Omani photographer Adnan Al Balushi goes on a drive across Oman, and meets with different nationals who have seen the vast changes that the Sultanate has been through in the past 50 years. They reflect on their lives then and now exclusively share their experiences with our readers.
Reflecting back on Oman in the past 60 years, Saada Al Hattali, a housewife from Hail Al Shas village in Oman, states that life pre-1970 was full of hardship and insecurity. The dirt roads from one village to the other were frightening and tiring. ‘Food for us was nothing more than bread, dates, and the occasional meat, and it was all homegrown.’
Salem Al Shaie, a retiree from Nizwa, states that life as a young man was very harsh. ‘ I started working as a construction worker when I was just a small child. Construction then was very basic. Houses were made from mud available from our immediate environment. Whatever wood we could find we used to construct pillars and for ceilings.’ As a result, houses were of poor strcuture and extremely simple, he adds. ‘There were no blue prints, or architects. We just went with the flow’. Salem had to leave Oman as a teenager in search of a better livelihood. He travelled to Bahrain. In 1971, he returned, after Sultan Qaboos Al Said ruled the country. Then, Salem joined the army, and his livelihood compared to his earlier years was completely transformed. ‘My life became easier, and so did everyone else’s,’ he adds.
Life for Sulaiman Al Sharyani from Nizwa was different from everyone else who faced economical challenges in the mid-last century and barely made enough living. A leather crafstman like his father, and their forefathers before that, his family led a successful business. ‘In the 1980s, the country’s rapid development meant that there was an influx of imported goods from around the world, and our business was affected’ .That didn’t stop Sulaiman, however. He improvised. ‘I turned my business to target tourists instead of locals and decided to participate at events and festivals, where they are frequently present,’ he explains.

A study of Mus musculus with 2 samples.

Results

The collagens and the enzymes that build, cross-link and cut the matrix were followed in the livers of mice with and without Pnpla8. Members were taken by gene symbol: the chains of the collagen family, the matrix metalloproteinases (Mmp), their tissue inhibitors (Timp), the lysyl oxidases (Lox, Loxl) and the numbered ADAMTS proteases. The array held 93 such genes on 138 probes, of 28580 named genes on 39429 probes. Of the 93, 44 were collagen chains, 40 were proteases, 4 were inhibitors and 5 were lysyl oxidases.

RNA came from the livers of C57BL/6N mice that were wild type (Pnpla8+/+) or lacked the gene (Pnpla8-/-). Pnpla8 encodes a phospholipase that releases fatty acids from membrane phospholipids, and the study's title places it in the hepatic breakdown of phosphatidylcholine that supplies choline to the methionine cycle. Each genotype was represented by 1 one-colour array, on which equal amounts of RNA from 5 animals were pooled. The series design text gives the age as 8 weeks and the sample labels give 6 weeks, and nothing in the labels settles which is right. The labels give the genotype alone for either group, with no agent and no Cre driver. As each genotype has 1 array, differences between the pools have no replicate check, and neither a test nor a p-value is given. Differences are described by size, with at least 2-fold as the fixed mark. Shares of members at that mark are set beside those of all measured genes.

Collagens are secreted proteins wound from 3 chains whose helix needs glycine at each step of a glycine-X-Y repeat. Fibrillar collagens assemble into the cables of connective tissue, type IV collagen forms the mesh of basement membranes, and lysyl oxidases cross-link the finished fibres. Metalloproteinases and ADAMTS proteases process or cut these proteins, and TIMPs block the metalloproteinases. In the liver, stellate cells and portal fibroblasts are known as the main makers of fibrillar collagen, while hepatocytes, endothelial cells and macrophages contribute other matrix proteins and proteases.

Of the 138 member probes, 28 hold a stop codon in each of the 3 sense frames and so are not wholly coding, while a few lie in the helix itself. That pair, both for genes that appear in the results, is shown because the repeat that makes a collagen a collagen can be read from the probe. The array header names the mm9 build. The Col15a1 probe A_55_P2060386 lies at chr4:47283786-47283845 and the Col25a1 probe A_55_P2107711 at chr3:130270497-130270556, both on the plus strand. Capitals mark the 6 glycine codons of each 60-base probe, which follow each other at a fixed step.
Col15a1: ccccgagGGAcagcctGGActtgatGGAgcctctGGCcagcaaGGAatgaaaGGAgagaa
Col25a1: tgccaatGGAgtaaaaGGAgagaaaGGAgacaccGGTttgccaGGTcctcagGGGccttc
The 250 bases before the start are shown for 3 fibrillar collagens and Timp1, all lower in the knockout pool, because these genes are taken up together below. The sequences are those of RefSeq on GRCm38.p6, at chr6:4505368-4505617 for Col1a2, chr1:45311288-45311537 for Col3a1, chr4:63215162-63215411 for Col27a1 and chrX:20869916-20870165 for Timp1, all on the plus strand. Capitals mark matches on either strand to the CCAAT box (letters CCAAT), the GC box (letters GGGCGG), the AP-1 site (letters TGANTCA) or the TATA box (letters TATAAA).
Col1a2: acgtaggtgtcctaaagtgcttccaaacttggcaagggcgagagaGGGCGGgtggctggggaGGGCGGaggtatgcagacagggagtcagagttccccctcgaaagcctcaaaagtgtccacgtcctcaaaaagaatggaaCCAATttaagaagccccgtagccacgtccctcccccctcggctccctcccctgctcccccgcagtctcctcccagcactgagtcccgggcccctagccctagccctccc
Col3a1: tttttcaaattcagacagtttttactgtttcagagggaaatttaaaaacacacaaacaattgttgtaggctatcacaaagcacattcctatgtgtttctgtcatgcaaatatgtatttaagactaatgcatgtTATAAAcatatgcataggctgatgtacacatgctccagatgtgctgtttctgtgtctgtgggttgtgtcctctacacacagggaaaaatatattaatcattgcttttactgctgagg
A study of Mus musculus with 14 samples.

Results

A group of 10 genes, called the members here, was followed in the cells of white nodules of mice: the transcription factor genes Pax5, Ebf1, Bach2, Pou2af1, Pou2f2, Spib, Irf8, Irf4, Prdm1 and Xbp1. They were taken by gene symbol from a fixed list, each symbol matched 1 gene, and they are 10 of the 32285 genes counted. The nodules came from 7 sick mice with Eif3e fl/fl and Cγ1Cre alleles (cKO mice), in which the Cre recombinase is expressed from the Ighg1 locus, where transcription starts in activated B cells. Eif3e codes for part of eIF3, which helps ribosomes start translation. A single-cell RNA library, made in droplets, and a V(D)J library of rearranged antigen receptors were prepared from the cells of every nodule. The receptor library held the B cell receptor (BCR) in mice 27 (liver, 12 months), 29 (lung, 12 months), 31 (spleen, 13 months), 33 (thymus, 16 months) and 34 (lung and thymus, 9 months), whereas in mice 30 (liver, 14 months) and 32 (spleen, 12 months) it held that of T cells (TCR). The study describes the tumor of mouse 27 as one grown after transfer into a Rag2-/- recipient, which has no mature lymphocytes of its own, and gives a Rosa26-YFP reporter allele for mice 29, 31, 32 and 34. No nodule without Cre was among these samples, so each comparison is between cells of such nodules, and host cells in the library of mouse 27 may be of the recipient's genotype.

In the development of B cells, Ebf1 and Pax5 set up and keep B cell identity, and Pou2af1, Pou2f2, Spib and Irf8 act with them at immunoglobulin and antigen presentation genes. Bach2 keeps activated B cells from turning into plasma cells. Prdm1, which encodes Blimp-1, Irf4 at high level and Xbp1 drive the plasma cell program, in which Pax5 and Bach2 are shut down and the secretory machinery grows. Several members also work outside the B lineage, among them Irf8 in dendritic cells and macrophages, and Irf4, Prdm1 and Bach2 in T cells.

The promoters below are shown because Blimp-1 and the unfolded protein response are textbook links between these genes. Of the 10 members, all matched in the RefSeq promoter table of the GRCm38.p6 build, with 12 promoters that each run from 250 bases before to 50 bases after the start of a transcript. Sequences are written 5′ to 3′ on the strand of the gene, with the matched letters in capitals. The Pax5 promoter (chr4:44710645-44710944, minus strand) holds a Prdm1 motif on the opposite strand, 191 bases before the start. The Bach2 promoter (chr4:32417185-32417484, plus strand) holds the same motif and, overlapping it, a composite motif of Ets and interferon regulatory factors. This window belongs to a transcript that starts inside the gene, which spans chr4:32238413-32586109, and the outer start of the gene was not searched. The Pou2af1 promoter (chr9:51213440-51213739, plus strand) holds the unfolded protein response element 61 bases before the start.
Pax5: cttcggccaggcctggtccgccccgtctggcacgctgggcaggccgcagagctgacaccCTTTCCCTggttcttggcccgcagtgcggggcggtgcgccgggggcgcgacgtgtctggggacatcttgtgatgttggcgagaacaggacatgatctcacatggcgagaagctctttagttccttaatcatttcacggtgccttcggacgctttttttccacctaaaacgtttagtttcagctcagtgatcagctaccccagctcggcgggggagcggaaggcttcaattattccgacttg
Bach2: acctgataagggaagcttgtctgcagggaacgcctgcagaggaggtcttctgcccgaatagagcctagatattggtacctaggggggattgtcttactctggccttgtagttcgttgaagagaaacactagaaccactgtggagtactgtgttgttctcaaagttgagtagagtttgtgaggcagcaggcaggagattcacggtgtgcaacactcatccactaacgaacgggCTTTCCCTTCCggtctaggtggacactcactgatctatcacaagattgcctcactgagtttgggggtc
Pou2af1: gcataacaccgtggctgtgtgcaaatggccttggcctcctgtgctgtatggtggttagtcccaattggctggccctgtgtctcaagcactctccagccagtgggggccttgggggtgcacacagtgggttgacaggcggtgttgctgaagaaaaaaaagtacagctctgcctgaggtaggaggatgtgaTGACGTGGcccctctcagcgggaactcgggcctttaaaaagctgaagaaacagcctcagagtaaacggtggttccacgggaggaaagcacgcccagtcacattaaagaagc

Though life for Hameeda Al Rashidi was extremely tough as a young woman, at least it was healthier, she says. ‘In the past, we worked all day. We ran chores, managed the house, grew our own crops, and our food was completely natural. Young women nowadays are not the same as how we were when we grew up, and diseases are more widespread. I blame it on the lavish lifestyle, depending on cars, and not working as much as we did when we were their age’.
Saif Al Hadhrami from Nakhal, is one of the country’s most senior citizens. He has no birth certificate, but his approximate age is believed to be more than 100 years old. Physically fit and active, he attributes this to his healthy lifestyle of walking instead of riding cars, and eating natural foods. In his early years, he worked as a farmer. Under the rule of Sultan Qaboos Al Said, and after 1970, Saif worked in the municipality, where his livelihood improved immensely. ‘My life became easier, and agriculture is easier than how it was in the past, with the availability of watering systems, and improvements in the sector’. To this day, Saif visits the Nakhal market daily, maintaining his lifestyle of travelling on foot, even though it’s quite a distance from his place of residence.
Adnan Al Balushi is a photo storyteller from Oman.